The portable MinION is now being used for microbiome analysis in a range of research areas, whether animal gut microbiome analysis or environmental analysis
How is the MinION being used in microbiome research?
- Animal microbiome studies eg mouse gut microbiome
- Metagenomic analysis of complex environmental samples eg Australia’s pink lake, marine microbiomes, urban water samples or from regions of specific environmental interest such as the Arctic or Antarctica.
- Microbiota studies of species taxonomy and relative abundance e.g. WIMP or 16S rRNA, CO1, and ITS
- Many tools are in development to allow real time metagenomic analysis during a MinION run
Real-time data, rapid results
Nanopore sequencing data starts streaming immediately, rather than being delivered in bulk at the end of a 'run'. Real-time data streaming allows immediate analysis of these data, enabling users to determine the presence of markers of antimicrobial resistance more rapidly than with traditional culturing methods. As more data is generated, over time, the user has the ability to generate sufficient data for genome assembly using long reads, which provides the ability to assess whether antimicrobial resistance genes are integrated into the chromosome or present in plasmids. Building on the coverage allows variant detection.Publications related to real-time analysis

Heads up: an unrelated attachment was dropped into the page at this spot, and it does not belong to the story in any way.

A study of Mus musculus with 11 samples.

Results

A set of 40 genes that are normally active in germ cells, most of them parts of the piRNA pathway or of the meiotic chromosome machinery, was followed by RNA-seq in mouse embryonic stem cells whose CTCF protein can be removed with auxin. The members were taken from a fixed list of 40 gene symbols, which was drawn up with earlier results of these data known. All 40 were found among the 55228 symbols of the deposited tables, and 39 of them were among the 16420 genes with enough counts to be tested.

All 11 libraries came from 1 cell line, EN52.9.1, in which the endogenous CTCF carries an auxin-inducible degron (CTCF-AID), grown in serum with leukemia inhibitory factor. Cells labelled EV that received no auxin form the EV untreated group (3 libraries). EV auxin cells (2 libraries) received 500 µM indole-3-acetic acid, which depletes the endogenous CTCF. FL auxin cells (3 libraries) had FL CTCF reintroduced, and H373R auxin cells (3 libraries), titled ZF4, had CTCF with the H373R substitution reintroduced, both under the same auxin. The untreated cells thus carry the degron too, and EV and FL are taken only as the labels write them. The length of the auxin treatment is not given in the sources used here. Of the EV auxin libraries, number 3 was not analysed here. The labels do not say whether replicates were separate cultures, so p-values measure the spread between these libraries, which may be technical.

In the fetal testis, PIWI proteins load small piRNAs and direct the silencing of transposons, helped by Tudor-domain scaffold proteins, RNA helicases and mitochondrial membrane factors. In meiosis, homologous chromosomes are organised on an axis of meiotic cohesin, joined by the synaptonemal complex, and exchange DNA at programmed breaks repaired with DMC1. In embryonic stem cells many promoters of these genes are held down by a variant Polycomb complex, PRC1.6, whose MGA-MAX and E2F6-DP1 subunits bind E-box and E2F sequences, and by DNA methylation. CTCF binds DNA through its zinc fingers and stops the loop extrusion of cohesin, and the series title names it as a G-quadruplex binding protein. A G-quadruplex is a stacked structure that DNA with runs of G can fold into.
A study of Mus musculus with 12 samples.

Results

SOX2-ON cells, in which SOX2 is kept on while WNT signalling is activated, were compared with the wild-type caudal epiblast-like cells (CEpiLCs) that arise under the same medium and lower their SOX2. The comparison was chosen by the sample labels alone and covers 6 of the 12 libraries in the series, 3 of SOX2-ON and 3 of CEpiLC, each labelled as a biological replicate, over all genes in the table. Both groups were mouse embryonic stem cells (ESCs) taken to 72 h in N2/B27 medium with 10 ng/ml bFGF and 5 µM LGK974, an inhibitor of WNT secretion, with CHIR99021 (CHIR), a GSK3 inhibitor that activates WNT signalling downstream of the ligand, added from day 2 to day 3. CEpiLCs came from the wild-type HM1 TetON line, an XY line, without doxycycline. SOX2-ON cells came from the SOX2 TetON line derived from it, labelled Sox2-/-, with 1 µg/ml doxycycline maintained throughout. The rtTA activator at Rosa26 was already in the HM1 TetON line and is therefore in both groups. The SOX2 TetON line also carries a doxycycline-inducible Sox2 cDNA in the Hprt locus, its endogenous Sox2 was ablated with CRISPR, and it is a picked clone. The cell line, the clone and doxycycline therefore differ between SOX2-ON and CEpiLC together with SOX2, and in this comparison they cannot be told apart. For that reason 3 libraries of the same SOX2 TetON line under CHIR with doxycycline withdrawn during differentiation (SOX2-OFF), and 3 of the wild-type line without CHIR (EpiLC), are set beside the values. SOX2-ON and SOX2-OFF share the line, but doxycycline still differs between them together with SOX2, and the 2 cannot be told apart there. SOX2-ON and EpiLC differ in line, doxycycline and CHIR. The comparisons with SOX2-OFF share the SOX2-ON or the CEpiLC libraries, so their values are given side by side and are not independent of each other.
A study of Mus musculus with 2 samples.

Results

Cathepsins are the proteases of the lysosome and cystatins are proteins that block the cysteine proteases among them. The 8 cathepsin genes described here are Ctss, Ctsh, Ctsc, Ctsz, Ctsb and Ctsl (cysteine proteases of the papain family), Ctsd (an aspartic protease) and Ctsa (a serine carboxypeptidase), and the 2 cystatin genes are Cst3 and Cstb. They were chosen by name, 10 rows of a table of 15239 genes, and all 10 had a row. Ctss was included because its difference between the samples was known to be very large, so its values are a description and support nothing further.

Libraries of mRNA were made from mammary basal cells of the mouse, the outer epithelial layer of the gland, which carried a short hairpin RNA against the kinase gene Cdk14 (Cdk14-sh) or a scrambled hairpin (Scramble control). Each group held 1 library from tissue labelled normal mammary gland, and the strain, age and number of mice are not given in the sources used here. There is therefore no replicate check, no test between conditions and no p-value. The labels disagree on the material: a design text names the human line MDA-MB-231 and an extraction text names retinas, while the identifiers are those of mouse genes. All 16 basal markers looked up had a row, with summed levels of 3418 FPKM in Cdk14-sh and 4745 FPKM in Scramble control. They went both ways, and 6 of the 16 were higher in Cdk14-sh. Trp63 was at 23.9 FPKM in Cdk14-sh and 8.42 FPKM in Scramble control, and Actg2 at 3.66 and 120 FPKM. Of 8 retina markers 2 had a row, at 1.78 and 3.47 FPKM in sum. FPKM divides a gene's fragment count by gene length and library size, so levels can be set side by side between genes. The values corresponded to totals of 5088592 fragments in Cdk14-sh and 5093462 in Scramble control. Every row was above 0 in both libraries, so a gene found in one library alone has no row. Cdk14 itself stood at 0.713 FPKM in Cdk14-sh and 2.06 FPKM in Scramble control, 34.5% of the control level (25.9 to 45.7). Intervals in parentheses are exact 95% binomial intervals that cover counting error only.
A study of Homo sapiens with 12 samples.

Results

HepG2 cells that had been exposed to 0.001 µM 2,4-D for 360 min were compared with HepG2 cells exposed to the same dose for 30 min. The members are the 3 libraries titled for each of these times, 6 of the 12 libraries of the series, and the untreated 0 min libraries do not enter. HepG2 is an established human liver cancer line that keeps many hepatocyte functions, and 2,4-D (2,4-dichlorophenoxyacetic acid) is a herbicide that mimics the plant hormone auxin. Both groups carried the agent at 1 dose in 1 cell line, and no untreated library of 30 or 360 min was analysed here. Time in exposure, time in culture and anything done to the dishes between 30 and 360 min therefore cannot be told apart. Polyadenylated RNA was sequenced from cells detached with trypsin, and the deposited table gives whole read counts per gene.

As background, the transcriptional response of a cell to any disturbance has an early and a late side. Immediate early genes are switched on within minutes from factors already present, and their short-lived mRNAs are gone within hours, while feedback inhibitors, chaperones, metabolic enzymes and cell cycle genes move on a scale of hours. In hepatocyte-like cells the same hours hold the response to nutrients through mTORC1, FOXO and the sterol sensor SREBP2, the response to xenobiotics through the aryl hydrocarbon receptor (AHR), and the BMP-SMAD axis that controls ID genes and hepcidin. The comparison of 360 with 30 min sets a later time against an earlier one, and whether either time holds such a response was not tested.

How are others using the MinION to address antimicrobial resistance?
|02/05/2017||Deep Sequencing: Intra-Terrestrial Metagenomics Illustrates The Potential Of Off-Grid Nanopore DNA Sequencing||BioRxiv|
|02/05/2017||Barcode of life: simple laboratory and analysis workflows for 16s and CO1 analysis|
|29/04/2017||Reading canonical and modified nucleotides in 16S ribosomal RNA using nanopore direct RNA sequencing||BioRxiv|
|12/01/2017||Evaluation of Oxford Nanopore MinION Sequencing for 16S rRNA Microbiome Characterization||BioRxiv|
|26/11/2016||Complete de novo whole genome assembly made easier with long MinION and PromethION reads|
|04/08/2016||Rapid resistome mapping using nanopore sequencing||Nucleic Acids Research|
|23/07/2016||Analysis of the mouse gut microbiome using full-length 16S rRNA amplicon sequencing||Scientific Reports|
What's in my pot (WIMP)
'What's in my pot' (WIMP) is a workflow that enables MinION users to identify bacteria, fungi, viruses or archea in complex samples in real time.
Analysis begins as soon as sequence data starts being streamed (a few seconds after the experiment starts). Each read of streamed sequence data is compared against a database of microbial species, and an identification is made. At the same time, WIMP plots and updates a taxonomic tree of all microorganisms found in the sample.
There are various workflows and techniques that have been developed by members of the nanopore community to perform or enhance assembly and species identification that can be explored in the publications area and within the nanopore community.
How do I get started?
You can start using MinION straight away.
For a $1,000 fee you receive a MinION and starter pack of flow cells and kits. You also get access to a thriving online community of MinION users.